Jack Teagarden: Steady rockin' with Satchmo
[Ed. note: This post was originally published on August 20, 2015]
My favorite version of the Louis Armstrong-Jack Teagarden staple “Rockin’ Chair” is from a 1957 television special. Armstrong had first recorded this homespun lament by Hoagy Carmichael on December 13, 1929, with the composer in the voice of the aging father and Armstrong as the dutiful son. (Eight years later, Mildred Bailey recorded a masterful version that gave her a new identity as “The Rockin’ Chair Lady.”)
Armstrong played “Rockin’ Chair” throughout the thirties and recorded it on a couple of occasions, but Ricky Riccardi reports on his blog The Wonderful World of Louis Armstrong that it “seems to have disappeared during the war years,” as there are no documented performances of the song between 1940-’46. It was revived, however, for the Carnegie Hall concert that Armstrong played on February 8, 1947 (and it would remain a showpiece in his repertoire thereafter). At the time, Leonard Feather and others were urging Armstrong to abandon the hackneyed, oft-criticized orchestra he’d been fronting since the early thirties, and Louis was tempted. He’d recorded with small groups occasionally in the forties and fronted a Hot Five-style combo in the 1947 movie New Orleans, but his risk averse manager, Joe Glaser, was reluctant to let Louis change course altogether. Thus, at Carnegie Hall, Armstrong appeared with clarinetist Edmond Hall’s small combo during the first half of the concert, and with the big band for the second.
“Rockin’ Chair” was part of Pops’s opening set at Carnegie, where bassist Johnny Williams joined him for the dialogue. In his 2011 biography What a Wonderful World, The Magic of Louis Armstrong’s Later Years, Riccardi reports that their “hilarious duet…brought down the house.” Such successes were never lost on Armstrong (or Glaser), and later that spring, when he played the famous Town Hall concert that effectively launched his All-Stars, “Rockin’ Chair,” and Teagarden, were in the mix.
Big T was recruited for the Town Hall concert by cornetist Bobby Hackett, who’d been deputized to put together a group suitable for Pops. Riccardi says their initial performance of “Rockin’ Chair” was “arguably its greatest version…the love between the two men…wonderfully in evidence,” much as it is in my preferred 1957 version. The concert won immediate critical and popular acclaim (Riccardi quotes Peter Tanner’s Melody Maker review: “His playing had all the freshness and vigor of the early Hot Five and Seven days.”) and by July the big band was abandoned. Teagarden signed-on as a charter member of the newly minted Louis Armstrong and his All-Stars, which made its debut at Billy Berg’s Los Angeles nightclub on August 13, 1947.
The trombonist went way back with Armstrong. They’d first met when the teen-aged Teagarden arrived in New Orleans already renowned for his work with Houston-based pianist Peck Kelly, and Louis was a local legend working with Fate Marable on a Mississippi steamboat. In Satchmo: My Life in New Orleans, Armstrong wrote, “The first time I heard Jack Teagarden on the trombone I got goose pimples all over; in all my experience I had never heard anything so fine…We have been musically jammed buddies ever since we met.” Indeed, on March 5, 1929, the first day of recording activity for Armstrong upon his return to New York (the decade found him based in New Orleans-Chicago-New York-Chicago-New York), they recorded the classic “Knockin’ a Jug;” Big T’s opening two choruses on the themeless blues alone would have earned him the sobriquet “King of the Blues Trombone.”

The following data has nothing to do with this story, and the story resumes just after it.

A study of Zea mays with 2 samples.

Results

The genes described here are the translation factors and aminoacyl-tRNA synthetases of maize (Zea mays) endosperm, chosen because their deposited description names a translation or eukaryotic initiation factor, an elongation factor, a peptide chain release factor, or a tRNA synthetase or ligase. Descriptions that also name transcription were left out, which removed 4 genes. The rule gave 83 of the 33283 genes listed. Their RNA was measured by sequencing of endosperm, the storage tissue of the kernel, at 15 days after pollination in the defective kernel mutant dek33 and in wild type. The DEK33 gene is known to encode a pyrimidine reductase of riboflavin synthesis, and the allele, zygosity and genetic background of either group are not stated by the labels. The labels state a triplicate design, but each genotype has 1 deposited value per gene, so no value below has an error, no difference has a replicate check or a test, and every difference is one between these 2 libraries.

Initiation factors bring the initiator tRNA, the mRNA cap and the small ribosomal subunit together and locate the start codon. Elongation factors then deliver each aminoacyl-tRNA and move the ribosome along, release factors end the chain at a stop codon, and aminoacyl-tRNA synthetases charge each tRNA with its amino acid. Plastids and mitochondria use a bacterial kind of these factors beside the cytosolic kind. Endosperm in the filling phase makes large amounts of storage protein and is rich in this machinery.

Eighteen years later, Teagarden chose “St. James Infirmary” as his solo feature at Town Hall, where the Vernon, Texas native introduced it as the oldest blues he’d ever heard. “Stardust” and “Stars Fell on Alabama” would become additional showcases for Big T before he left Louis in 1951 to take what proved to be a modestly successful crack at leading his own combo.
Teagarden had a long association of his own with Carmichael, and Riccardi says he may have been hanging out in the studio with Pops and Hoagy in 1929. This rare 1939 footage finds a stone-faced Hoagy backed by Big T’s short-lived orchestra on the episodic “Washboard Blues.” That’s followed by the pair sparring tongue-in-cheek over Teagarden’s penchant for playing his own “style,” shorthand for improvising on tunes by composers like Carmichael, before we hear Jack’s trombone introduce “Rockin’ Chair.”
Here’s the 1957 television version. Its delights include this exchange: Pops: “Looks like your cane layin’ down there by your side.” Big T: “Well, I use it for a trombone sometimes.” Pops, in a suggestive sub-tone: “Is that all?” Later, to Pops’s, “You ain’t goin’ nowhere,” Big T replies, “I done been where I was goin’ before/I ain’t goin’ there no more.” Bobby Hackett had heard it all many times before, but his smile conveys the fresh sense of joy common to all who bask in the eternal pleasures of the principals.
Big T and Pops always appeared the best of friends (All-Star Barney Bigard said, , and the trombonist was invariably sought for reunions and special appearances like the 1958 Newport Jazz Festival, where “Rockin’ Chair” was, of course, part of the show. In 1949, when Armstrong sat with Leonard Feather for a Blindfold Test in Metronome, he had this reaction to Bill Harris’s trombone solo on Woody Herman’s “Keeper of the Flame.” “Now you take this trombone solo…Jack Teagarden will take a solo like that, and it’ll be much prettier, it’ll say something, and it’ll be just as hot.”
Jack Teagarden was born 110 years ago today. He died in New Orleans on January 15, 1964, at age 58.